Face of a woman in the dark with a spot of light hitting her eyes
A newly developed gene therapy could one day help patients with macular degeneration to regain central vision. (Photo: Victorien Ameline / unsplash)

Researchers have developed a strategy that has the potential to improve vision in patients with macular degeneration in the future. Using a gene therapy, they sensitized blind retinas of mice and human organ donors to near-infrared light. The team based at the Institute of Molecular and Clinical Ophthalmology Basel (IOB) has published its results in the journal Science.

05 June 2020

Face of a woman in the dark with a spot of light hitting her eyes
A newly developed gene therapy could one day help patients with macular degeneration to regain central vision. (Photo: Victorien Ameline / unsplash)

About 200 million people worldwide are affected by macular degeneration. The macula is a small light-sensitive structure at the back of the eye. If it degenerates, those affected retain their peripheral vision, but over time they lose the center of their field of vision. Treatment can delay progression, but it is not yet possible to restore the lost light sensitivity.

“Restoring photosensitivity can ultimately improve the quality of life of those affected and their ability to participate in everyday life,” says Professor Botond Roska, Professor of Vision Research at the University of Basel and Director of the IOB. To achieve this goal, the researchers sensitized the retinal cells of mice and organ donors to near-infrared light using gene therapy.

Inspired by nature

Although infrared light is invisible to the naked human eye, we can perceive it as heat. Longer infrared wavelengths can cook food, but near-infrared light is closer to the visible spectrum of the human eye and is cooler in comparison. Certain animals, however, do possess infrared vision: snakes for example use heat-sensitive proteins, known as Transient Receptor Potential (TRP) ion channels, to perceive the infrared radiation emitted by their prey.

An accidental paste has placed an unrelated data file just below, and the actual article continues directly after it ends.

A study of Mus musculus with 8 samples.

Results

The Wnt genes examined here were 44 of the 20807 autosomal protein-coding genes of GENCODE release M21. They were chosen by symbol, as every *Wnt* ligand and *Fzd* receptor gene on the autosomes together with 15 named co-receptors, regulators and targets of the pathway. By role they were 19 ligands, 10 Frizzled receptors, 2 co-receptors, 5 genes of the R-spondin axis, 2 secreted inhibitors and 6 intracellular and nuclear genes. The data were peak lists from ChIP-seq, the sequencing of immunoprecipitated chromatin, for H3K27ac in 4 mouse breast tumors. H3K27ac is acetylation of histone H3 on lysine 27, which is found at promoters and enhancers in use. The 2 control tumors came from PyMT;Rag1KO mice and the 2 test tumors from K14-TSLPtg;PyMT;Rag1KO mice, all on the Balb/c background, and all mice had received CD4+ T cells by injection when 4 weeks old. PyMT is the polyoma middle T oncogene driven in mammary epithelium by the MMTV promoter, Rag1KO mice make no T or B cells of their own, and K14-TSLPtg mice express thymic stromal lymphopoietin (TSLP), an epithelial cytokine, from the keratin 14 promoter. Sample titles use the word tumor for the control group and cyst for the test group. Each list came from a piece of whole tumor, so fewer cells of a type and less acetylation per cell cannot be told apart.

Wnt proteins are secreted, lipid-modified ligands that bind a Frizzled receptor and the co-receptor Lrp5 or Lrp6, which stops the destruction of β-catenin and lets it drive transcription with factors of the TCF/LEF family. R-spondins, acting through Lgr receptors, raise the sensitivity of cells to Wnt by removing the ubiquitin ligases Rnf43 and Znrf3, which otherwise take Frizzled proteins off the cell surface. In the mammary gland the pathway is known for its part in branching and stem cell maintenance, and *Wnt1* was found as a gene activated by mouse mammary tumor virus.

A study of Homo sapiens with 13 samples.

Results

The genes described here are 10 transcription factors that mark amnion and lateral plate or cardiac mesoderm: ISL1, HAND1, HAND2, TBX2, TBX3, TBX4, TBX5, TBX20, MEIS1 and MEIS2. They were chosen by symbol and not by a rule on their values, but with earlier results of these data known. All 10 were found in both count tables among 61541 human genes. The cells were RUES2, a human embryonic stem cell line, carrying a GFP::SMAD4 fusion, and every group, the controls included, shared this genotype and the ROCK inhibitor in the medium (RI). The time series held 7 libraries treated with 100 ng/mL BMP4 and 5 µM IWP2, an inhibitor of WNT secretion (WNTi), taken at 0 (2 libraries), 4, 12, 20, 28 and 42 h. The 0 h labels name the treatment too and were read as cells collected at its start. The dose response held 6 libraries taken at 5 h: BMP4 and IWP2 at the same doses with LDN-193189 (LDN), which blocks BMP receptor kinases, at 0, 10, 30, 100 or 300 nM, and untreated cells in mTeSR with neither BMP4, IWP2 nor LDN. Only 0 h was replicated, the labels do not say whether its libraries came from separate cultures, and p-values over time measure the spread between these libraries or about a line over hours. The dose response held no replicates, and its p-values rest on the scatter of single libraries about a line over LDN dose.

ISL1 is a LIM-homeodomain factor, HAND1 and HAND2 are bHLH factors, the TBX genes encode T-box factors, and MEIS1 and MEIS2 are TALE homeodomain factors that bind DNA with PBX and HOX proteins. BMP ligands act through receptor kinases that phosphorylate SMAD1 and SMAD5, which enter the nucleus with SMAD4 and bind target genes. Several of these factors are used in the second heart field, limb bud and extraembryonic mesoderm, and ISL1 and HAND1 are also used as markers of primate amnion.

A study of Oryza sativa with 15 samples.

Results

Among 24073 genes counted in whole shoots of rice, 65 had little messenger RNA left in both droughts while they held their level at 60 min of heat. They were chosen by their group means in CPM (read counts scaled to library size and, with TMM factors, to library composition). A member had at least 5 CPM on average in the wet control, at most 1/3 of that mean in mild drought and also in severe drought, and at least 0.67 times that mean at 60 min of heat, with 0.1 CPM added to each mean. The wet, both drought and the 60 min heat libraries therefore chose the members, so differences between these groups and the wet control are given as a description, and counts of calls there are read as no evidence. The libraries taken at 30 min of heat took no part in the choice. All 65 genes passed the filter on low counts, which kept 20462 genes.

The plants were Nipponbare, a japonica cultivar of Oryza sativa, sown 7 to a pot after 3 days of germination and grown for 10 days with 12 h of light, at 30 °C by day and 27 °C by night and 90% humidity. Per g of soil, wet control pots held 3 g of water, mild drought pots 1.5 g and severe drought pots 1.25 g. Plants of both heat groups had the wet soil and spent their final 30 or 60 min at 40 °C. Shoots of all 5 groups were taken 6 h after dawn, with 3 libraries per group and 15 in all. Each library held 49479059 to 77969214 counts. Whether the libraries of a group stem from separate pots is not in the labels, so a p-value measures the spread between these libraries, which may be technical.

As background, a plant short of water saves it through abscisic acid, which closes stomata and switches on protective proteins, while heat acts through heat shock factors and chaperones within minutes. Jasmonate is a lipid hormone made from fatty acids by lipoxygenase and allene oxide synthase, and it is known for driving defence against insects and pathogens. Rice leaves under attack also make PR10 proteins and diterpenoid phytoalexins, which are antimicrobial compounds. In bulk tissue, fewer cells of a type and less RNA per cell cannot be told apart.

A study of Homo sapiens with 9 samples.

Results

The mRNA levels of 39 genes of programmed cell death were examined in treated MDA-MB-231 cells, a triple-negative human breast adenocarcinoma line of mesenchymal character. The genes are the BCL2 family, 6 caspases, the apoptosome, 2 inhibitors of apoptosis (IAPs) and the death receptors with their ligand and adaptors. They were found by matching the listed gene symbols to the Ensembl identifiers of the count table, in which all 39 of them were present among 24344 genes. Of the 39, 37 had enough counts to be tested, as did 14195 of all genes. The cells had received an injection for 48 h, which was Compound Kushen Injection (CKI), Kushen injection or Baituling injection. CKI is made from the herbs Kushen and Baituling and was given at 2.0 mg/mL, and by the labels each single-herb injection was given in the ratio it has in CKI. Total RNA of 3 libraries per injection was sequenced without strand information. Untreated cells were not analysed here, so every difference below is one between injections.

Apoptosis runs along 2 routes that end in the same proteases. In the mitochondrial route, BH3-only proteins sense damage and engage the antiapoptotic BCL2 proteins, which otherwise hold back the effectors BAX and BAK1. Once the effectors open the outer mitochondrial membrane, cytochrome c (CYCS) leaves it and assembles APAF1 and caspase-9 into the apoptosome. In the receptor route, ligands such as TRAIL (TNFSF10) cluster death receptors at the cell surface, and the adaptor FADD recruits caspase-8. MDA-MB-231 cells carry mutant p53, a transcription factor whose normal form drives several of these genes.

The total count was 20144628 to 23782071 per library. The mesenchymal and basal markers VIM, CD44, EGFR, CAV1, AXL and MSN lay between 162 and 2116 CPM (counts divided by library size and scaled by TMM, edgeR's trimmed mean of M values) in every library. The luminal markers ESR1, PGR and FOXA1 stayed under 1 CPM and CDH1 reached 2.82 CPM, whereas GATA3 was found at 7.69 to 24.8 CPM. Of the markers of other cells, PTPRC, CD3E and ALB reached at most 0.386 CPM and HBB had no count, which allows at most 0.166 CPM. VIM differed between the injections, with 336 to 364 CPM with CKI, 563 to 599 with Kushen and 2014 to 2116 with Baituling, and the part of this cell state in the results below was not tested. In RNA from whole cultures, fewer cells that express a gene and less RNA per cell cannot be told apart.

Inspired by this example from nature, the researchers developed a gene therapy to equip blind retinal cells with an infrared sensor. The system consists of three components: a DNA segment that codes for a TRP ion channel, a gold nanoparticle that absorbs near infrared light, and an antibody that tethers the nanoparticle to the ion channel. The researchers used a viral gene shuttle and microinjection to introduce the components into the retinal cells.

Illustration of the system of the ion channel in a cell membrane, gold particles and antibodies
The gold nanoparticle is coated with antibodies that couple it to the TRP ion channel. (Illustration: IOB)

The gold nanoparticles absorb near-infrared light and then emit a small amount of heat. In response, the TRP ion channels open and trigger nerve impulses similar to those in normal vision.

Promising results in initial tests

The researchers subsequently tested their gene therapy on two model systems: on mice that develop retinal degeneration and go blind due to a gene modification, and on retinas from human organ donors.

In the first case, the researchers investigated the behavior of the treated mice in a learning experiment in which the mice were trained to react to a light signal in the near-infrared range. This confirmed that the animals who received the gene therapy were able to perceive the near-infrared light. Measurements of nerve impulses also showed that the signals reach the brain areas for processing visual stimuli. Further tests with retinas from organ donors confirmed the functionality of the system.

Special approach needed for macular degeneration

The new study builds on the researchers’ ongoing efforts to treat complete blindness with a technique called “optogenetic therapy”. In this approach, light-sensitive proteins are introduced into the retinal cells by viral gene shuttles. This therapeutic concept is currently in clinical trials, but is unsuitable for macular degeneration.

The procedure is based on glasses that project bright visible light onto the retina. However, the light projection would be overwhelming to those patients who have only lost their central vision. A therapy against vision loss due to macular degeneration therefore requires light of a different wavelength, which functioning cells in the retina cannot see, explains Dr. Dasha Nelidova, a postdoc in Botond Roska’s laboratory and first author of the publication. The researchers hope that their approach will one day be used to re-sensitize the macula in patients who still retain their peripheral vision.